Despite mixed data on the US economy released on Thursday (strong retail sales and unemployment claims, weaker-than-expected industrial production), Treasury sell-off gained momentum with two-year yield climbing above 3.90%. Rate futures imply a 4.5% Fed interest rate in March 2023. Since the start of September markets have added almost 50 basis points to the expected Fed tightening, therefore triggering a broad market risk-off, w and facing yet another discount rate shock.

In the Treasury market we see a continuing inversion of the yield curve, with the spread between 10 and 2-year Treasury yields dropping to a new low of -0.43%. At the same time, 10-year bond yield stabilized around 3.45%, while 2-year yield continued its march to higher levels, the expectations of the Fed aggressive withdrawal of liquidity support prevailed over the expectations of high inflation (both negatively affect the price of bonds). A closer look on 10y/2y spread reveals that decline in the spread to zero or its fall into negative territory is often associated with a recession in the US:

Market reaction to intensifying inversion of term structure of US rates is close to that described in macroeconomics textbooks: a strong dollar, hard hit cyclical and commodity currencies, and a downtrend in the commodity market. In fact, key asset classes are pricing in the risk that the central bank tightening will lead to such a destruction of consumer demand that it will cause a recession in the global economy.

In the foreign exchange market, the dollar remains the top choice. The average gain against European currencies since the start of the week was 1.6%, against NOK - about 2.5%. GBPUSD declined the most on Friday, as the market is growing confident that the Bank of England will be the underdog in the tightening race and hike the interest rate by 50 basis points, while the ECB and the Fed have already raised rates by 75 basis points in recent meetings.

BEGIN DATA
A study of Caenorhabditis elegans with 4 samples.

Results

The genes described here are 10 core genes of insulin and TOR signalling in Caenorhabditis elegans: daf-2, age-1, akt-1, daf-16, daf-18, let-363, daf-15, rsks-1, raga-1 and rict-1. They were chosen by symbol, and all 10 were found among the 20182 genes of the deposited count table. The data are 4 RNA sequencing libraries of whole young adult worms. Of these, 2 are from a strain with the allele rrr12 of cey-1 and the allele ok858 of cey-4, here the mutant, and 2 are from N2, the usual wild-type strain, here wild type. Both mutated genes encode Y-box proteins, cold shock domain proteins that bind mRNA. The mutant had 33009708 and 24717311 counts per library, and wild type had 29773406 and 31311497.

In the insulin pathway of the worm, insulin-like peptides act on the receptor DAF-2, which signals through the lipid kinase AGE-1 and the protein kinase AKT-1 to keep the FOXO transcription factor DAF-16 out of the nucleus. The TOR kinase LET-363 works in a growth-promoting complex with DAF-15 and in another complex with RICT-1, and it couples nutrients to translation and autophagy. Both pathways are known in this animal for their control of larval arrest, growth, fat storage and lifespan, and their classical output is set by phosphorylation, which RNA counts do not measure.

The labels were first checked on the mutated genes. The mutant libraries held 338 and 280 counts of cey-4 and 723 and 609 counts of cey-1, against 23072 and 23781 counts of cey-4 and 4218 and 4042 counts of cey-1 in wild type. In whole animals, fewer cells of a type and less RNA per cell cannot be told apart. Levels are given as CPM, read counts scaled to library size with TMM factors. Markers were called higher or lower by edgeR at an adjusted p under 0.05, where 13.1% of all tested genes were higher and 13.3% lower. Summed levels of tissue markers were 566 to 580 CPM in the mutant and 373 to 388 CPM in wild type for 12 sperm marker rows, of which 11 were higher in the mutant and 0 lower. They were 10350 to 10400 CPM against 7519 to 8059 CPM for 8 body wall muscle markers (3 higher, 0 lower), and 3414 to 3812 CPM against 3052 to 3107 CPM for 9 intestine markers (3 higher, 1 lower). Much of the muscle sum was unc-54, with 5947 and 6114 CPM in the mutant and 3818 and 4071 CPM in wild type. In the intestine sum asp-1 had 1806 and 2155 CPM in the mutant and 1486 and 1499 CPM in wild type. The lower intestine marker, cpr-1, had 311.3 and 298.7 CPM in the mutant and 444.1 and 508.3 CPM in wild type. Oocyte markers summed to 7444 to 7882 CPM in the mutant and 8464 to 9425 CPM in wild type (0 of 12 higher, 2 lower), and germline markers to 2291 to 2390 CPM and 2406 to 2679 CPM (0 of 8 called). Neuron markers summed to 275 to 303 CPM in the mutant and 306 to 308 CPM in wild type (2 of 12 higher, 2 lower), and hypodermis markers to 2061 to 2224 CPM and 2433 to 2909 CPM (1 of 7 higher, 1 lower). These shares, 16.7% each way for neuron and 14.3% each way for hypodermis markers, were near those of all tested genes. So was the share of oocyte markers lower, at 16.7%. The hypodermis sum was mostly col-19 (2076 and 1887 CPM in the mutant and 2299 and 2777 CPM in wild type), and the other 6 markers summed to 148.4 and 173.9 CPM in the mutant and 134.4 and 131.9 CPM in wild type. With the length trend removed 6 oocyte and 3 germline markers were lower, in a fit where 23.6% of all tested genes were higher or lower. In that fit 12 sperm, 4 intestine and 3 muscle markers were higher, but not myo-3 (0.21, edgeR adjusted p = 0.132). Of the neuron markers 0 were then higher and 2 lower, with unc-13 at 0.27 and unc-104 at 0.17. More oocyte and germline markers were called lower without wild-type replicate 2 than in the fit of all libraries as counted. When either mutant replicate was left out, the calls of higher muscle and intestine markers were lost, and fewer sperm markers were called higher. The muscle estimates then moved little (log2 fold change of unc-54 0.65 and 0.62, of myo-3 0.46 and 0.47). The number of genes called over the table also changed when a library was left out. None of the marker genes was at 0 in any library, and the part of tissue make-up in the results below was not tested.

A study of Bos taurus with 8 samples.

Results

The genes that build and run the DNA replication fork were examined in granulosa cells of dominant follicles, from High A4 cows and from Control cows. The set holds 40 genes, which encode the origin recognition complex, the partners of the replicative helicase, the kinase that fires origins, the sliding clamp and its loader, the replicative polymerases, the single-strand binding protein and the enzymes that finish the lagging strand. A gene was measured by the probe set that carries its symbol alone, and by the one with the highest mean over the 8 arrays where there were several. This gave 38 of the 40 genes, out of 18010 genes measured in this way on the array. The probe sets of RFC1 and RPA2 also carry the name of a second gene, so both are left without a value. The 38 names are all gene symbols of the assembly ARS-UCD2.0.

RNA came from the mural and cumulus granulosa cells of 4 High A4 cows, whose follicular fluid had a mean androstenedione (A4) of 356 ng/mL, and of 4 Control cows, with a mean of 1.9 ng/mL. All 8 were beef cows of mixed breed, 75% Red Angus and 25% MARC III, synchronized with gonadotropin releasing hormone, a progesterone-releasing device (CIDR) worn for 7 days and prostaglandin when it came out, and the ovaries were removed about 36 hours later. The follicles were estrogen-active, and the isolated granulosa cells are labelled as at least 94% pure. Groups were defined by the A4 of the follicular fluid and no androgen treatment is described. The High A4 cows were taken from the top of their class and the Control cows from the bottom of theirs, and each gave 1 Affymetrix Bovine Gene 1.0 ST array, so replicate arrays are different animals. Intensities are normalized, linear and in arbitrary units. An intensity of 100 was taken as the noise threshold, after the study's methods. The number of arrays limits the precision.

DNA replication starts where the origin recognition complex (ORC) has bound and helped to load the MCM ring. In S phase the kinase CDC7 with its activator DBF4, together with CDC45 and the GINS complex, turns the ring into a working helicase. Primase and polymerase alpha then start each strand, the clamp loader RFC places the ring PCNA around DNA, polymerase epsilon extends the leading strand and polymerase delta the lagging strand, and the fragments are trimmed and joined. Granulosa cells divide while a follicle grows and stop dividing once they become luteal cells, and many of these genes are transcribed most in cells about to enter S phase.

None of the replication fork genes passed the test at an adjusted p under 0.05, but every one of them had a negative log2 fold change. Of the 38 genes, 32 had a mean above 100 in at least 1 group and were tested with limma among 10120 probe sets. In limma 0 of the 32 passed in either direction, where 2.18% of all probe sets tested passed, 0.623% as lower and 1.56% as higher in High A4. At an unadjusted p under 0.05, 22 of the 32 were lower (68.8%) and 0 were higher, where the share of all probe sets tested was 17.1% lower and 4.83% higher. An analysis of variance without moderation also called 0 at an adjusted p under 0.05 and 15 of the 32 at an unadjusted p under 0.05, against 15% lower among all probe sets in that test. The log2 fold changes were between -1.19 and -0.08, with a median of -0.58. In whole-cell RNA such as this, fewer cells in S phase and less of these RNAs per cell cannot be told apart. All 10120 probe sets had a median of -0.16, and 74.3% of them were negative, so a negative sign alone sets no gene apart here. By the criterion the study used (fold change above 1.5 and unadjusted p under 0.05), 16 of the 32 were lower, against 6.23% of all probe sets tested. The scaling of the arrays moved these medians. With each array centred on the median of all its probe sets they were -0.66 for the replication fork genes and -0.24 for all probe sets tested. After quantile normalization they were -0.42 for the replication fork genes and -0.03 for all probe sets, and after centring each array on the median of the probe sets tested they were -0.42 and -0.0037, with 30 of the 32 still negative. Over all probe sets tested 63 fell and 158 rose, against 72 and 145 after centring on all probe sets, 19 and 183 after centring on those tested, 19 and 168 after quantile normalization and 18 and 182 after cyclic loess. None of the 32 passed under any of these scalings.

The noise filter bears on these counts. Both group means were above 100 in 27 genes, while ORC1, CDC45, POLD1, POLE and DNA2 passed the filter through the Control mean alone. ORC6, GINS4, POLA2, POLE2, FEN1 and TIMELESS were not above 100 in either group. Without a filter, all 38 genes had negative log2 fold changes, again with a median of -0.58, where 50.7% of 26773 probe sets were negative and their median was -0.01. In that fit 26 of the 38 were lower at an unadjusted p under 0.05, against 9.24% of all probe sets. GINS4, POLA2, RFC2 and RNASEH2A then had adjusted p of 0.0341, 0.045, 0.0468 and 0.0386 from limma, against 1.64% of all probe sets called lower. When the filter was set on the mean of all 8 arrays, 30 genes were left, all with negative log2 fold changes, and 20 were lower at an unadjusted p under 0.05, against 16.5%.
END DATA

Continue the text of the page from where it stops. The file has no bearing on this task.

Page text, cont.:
It is difficult to expect a sustainable recovery in risk demand in such a situation; market rallies will likely be shallow and short-lived reflecting prevailing bearish sentiment, so betting on a major bounce could be risky.

British Pound has been hit badly by gloomy consumption data released today: retail sales plunged by a 5.4% y/y against the forecast of 4.2%, MoM decline accelerated to 1.6% against a much less pessimistic forecast of -0.5%. On an annualized basis, retail sales have been on a slippery slope for the third month in a row:

As a result, GBPUSD broke through the bottom of March 2020 (1.14 level).

Market focus today is on the index of consumer sentiment from the U. of Michigan. An important component of this report are the inflation expectations. Signs of persistence will strengthen market expectations that the Fed will increase the pace of its monetary tightening. The situation with inflation for the Fed is extraordinary: one-year inflation expectations rose to the highest level since December 1981, which caused concerns of loss of CB credibility and inflation expectationsforcing the Fed to raise the rate at an unprecedented pace:

It is worth noting that bond markets set the bar quite high for the Fed to surprise with a hawkish decision. Investors take flight from risk and buy up the greenback on rumors, however, as it often happens, the market reaction to rumors will likely prove to be too emotional, and facts may trigger a correction. Based on this, the risks are skewed towards a dovish FOMC meeting.